The coronavirus pandemic has left hundreds of thousands of positions for nurses unfilled, and experts say the effects on the workforce will last for at least a decade.
According to the U.S. Bureau of Labor, about 203,200 positions for registered nurses are projected to open each year until 2031. These openings will increase because of the need to replace the nurses leaving the workforce.
Many nurses are retiring due to stress felt from working during the pandemic. Kari Warner is a nursing supervisor at Honorhealth Scottsdale Shea Medical Center for 64 beds and a COVID-19 unit. She has seen firsthand how COVID has diminished the nursing workforce.
“We’ve had a couple surges of COVID over the past two and a half years, and after the third surge, a lot of my longtime nurses that had no intent to leave bedside were so burnt out they wanted to leave, and they have,” Warner said. “I’ve had a significant amount of turnover, and then our new grad nurses that are coming in because of COVID didn’t have the clinical training in the hospital, so when they’re starting with us, they’re starting from scratch.”
“There are a lot of nurses who have left the profession because of COVID. It’s incredibly stressful, especially when the hospitals are overwhelmed with a lot of COVID patients or short staffed,” Turner said. “Some nurses I know have gone to do esthetician; they’ll do botox injections. Somebody I knew went to become a teacher. Another one went into securities, helping people invest their money, going into real estate. Just complete-180s from nursing.”
Nurse turnover is a trend that has started to increase since the pandemic. Sandy Mazzio is the director of nursing for a 64-bed unit and a COVID-19 unit at Honorhealth, and she has seen a lot of employee turnover over the past two and a half years.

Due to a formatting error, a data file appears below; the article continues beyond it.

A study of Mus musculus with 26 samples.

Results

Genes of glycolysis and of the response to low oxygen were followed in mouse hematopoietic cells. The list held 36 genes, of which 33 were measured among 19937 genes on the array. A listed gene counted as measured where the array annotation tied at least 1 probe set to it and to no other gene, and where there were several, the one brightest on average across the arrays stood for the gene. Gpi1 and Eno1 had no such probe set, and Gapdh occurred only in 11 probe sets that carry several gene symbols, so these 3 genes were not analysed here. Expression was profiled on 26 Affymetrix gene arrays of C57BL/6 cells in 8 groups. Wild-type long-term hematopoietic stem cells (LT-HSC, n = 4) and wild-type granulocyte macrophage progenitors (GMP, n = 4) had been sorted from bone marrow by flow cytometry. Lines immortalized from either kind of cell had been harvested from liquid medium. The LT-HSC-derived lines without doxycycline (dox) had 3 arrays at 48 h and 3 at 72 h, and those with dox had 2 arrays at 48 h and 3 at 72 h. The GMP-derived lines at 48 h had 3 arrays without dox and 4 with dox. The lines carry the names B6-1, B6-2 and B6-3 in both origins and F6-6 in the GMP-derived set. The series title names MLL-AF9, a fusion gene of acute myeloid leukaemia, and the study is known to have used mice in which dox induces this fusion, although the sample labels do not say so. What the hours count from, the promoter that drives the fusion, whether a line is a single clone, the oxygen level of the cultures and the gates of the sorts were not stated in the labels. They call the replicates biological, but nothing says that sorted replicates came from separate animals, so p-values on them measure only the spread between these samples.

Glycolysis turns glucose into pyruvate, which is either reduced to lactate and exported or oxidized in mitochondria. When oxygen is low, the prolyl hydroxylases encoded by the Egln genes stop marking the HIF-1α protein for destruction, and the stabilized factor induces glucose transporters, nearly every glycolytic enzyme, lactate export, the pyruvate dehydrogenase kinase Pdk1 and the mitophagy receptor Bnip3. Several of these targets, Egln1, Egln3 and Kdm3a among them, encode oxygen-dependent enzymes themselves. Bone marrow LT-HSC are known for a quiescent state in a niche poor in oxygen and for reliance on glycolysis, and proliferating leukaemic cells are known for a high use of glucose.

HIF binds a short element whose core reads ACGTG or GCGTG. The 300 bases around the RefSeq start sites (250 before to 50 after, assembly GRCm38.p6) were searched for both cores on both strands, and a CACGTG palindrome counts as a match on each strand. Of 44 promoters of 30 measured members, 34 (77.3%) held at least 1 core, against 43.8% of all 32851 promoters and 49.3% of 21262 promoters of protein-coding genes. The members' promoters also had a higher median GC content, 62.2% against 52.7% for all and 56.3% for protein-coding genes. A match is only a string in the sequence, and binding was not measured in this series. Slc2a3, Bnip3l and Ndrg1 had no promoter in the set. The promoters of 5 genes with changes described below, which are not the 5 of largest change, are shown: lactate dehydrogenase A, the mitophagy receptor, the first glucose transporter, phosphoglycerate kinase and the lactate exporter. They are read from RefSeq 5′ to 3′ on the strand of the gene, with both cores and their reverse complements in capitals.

“People don’t stay in one place very long anymore. The average amount of time I keep a nurse is about 18 months before they move on to something else,” Mazzio said. “And that’s been a really big trend; a very few handful of people now work on the same floor for more than two years.”
Compounding the turnover problem is the lack of nurses coming into the workforce with proper training to mitigate the number of nurses leaving. Warner is worried about whether or not new nurses are experienced enough to be prepared to work in hospitals.
“I have, for example, a new grad nurse that just graduated nursing school who’s already enrolled in her doctorate program to be nurse practitioner without any clinical knowledge,” Warner said. “She’s going from being a novice with no experience as a nurse to joining to be a practitioner with no experience under her belt. That’s terrifying.”
Unfortunately, no apparent solutions are currently being implemented to alleviate the shortage. Neither Warner, Mazzio or Turner know if or how the situation will improve.
“Nurses are on the frontlines, they’re in the trenches, and they’re heroes. And I would hope that a lot of the public would feel that way, but I don’t know if a lot of people not involved with healthcare realize that,” Turner said. “They’re vital to society, and if we keep losing more of them, we’re in trouble.”